On Thursday, I decide to embrace my new residence and new job by going to the Mashable SF Mash-up. I used to go to networking events all the time, so I figured going to one here would really get me into the swing of things.
I put on my best, blandly-scanning-the-room face and waited to meet someone who wanted to hear about my job. I recalled how before I took the job, a ex-marketing friend, and (publisher of online arts salon Revolving Floor) explained to me that what marketing people did was “smile and act like everything was fine.” I was quickly approached by a very small, older man.
He walked over and planted himself by my side. “Hello,” he said.
“Hi,” I said. He didn’t speak, or move. The pause got weird. I decided to start networking. “So what do you do?”
He looked immediately annoyed and took a step away from me. “What kind of question is that to be asking?’
“Ok.” Do not be pissed off, I told myself. Act like everything is fine, smile. “What did you have for dinner?”
“That’s not the right question. The right question is: what do I want for dessert.”
“Okaay. What do you want for dessert?”
“I want to take you to dinner tomorrow night,” he explained, as though he was delivering actual information instead of employing the most absurd pick-up line on earth.
“Oh, thanks, but I’m busy tomorrow night!” Fine. Smile. Fine. Smile.
“So am I.”
Again, we stood in silence.
“You know,” he finally snapped. “You’re a lovely girl, but when a man comes to talk to you, how dare you ask him, ‘what do you do?’ That is the rudest question a woman can ask a man.”
My smile was starting to break my face.
“Sorry, I just got here from New York.”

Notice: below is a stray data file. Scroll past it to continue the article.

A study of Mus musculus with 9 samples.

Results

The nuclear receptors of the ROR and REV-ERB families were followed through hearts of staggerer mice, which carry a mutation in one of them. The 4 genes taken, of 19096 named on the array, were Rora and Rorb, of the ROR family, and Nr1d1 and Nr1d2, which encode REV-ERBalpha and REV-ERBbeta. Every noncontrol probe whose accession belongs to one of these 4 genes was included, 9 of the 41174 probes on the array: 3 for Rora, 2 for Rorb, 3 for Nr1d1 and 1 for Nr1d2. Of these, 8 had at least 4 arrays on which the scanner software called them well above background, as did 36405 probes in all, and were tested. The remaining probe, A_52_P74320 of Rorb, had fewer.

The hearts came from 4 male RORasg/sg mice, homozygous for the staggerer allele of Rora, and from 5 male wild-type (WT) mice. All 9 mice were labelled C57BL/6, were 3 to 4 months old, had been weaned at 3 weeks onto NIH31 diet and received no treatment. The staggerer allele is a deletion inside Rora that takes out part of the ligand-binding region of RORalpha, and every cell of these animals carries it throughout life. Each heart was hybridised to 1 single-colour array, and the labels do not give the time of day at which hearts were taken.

“Then you should really know better.”
As he walked away I called after him, “Are you serious? That’s all anyone asks in New York, ‘what do you do?'”
I turned to my cousin, who had been by my side the whole time.
“What the F*#K?” I was yelled, and didn’t even care if Pete Cashmore heard me. “I mean, is it me, or are we at a F*#king networking event? What the F*#k is wrong with this city? Are you seriously going to tell me that in San Francisco, you can’t talk about work at a networking event? I’m not going to survive here.”
“It’s ok! Don’t freak out.” She was either embarrassed by the volume of my voice, or the degree to which I was talking with my hands.
“No!” I stomped my foot. “I want to freak out. I have been here two weeks. And I have tried to adapt. But what F*#k was that? I’m sorry, but I am having my first I’m-from-New-York moment.”
Ultimately, I got over it. I met someone whose company was purchased by AOL so some of my Silicon Valley mash-up dreams stayed in tact. But I realized that out here, “smile and act like everything is fine” really means, “don’t ask, don’t tell.”